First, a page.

Vitamin D deficiency and its association with low bone mineral density, HIV-related factors, hospitalization, and death in a predominantly black HIV-infected cohort.




Low bone mineral density (BMD) is common among patients infected with human immunodeficiency virus (HIV) and present in higher rates in black subjects. This study assessed vitamin D levels in HIV cases versus noninfected matched controls to determine if deficiency was associated with BMD and HIV clinical outcomes.


In total, 271 military beneficiaries with HIV underwent dual energy x-ray absorptiometry (DEXA) screening in 2001-2. Serum 25OH-vitamin D levels were determined using stored serum from the time of DEXA and 6-18 months prior. Two non-HIV-infected controls for each active duty case (n = 205) were matched on age, sex, race, zip code, and season using the Department of Defense Serum Repository (DoDSR). Vitamin D levels <20 ng/mL were considered deficient. HIV-related factors and clinical outcomes were assessed using data collected in the DoD HIV Natural History study.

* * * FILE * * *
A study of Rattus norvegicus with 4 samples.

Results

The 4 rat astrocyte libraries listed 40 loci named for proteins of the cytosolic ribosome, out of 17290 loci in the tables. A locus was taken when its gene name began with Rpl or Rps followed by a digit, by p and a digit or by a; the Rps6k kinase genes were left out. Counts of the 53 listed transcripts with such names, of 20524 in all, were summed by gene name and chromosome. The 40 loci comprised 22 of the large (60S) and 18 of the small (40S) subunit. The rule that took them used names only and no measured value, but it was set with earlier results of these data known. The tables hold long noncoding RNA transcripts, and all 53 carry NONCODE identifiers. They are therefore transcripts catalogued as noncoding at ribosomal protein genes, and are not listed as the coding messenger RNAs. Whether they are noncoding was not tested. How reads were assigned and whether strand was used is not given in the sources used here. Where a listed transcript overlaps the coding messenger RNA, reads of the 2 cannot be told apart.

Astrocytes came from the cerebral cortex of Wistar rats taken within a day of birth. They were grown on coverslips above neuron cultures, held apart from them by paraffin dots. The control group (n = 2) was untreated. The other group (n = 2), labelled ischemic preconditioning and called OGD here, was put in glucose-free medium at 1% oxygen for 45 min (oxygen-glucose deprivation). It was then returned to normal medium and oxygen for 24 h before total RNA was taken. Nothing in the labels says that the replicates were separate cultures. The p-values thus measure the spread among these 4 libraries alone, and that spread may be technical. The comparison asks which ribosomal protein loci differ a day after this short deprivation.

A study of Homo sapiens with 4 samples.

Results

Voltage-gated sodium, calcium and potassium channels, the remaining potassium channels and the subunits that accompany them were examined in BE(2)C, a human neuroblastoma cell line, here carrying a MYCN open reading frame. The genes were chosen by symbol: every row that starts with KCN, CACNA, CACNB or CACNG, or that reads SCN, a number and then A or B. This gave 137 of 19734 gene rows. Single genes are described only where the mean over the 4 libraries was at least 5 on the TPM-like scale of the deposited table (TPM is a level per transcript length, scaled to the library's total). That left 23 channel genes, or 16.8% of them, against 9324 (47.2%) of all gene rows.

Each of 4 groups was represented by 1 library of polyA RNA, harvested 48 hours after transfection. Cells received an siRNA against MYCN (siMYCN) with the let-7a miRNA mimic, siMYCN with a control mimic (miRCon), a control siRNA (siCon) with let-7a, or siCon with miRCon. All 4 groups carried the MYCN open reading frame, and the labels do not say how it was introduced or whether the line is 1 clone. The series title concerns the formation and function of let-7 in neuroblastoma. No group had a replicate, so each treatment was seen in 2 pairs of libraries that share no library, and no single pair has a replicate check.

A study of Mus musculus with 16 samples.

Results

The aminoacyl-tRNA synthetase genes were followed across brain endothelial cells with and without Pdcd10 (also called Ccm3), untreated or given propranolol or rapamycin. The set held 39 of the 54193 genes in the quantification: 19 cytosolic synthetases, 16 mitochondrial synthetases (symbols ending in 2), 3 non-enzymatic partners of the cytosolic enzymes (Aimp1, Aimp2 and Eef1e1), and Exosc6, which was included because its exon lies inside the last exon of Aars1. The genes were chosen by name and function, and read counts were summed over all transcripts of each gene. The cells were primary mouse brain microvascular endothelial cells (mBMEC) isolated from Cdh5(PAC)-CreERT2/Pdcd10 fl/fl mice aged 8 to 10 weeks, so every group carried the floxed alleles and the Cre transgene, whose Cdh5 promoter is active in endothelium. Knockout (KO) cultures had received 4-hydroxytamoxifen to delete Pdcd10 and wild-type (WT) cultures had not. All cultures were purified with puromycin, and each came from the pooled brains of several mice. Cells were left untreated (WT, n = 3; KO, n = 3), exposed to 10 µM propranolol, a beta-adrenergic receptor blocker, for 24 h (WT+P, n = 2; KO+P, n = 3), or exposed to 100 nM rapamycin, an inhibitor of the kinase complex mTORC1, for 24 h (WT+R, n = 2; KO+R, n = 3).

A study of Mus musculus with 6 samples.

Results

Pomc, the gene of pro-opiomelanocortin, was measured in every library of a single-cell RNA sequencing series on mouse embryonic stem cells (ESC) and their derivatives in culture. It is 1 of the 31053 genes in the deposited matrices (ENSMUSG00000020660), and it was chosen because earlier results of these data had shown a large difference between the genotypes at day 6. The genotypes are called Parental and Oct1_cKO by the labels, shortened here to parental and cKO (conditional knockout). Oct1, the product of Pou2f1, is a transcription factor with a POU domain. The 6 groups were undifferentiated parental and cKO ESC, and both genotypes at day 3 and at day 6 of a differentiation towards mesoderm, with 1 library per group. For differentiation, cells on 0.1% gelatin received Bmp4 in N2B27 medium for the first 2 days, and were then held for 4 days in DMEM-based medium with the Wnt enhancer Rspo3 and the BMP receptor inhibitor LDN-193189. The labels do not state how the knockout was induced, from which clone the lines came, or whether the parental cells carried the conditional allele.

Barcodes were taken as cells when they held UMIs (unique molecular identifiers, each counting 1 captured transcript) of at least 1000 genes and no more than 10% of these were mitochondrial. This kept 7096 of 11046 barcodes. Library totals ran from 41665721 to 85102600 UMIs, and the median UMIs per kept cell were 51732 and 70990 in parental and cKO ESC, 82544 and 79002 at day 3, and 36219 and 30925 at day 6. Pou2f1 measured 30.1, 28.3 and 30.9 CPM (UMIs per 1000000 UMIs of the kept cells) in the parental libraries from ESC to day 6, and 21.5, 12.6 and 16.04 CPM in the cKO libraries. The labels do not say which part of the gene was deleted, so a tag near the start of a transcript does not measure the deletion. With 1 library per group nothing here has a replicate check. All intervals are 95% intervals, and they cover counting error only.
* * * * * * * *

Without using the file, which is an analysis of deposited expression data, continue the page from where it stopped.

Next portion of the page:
In total, 165 of 205 (80.5%) active duty HIV cases had 2 matched controls available. HIV cases had greater odds of for vitamin D deficiency (VDD) compared with controls (demographics adjusted paired data odds ratio [OR], 1.46, 95% confidence interval [CI], .87-2.45), but this was not statistically significant. Blacks were disproportionately deficient (P <.001) but not relative to HIV status or BMD. Low BMD was associated with typical risk factors (low body mass index and exercise levels, alcohol use); given limited available data the relationship between tenofovir exposure and VDD or low BMD could not be determined. Analysis of HIV-specific factors and outcomes such as exposure to antiretrovirals, HIV progression, hospitalizations, and death revealed no significant associations with vitamin D levels.


VDD was highly prevalent in black HIV- infected persons but did not explain the observed racial disparity in BMD. Vitamin D deficiency was not more common among HIV- infected persons, nor did it seem associated with HIV- related factors/clinical outcomes.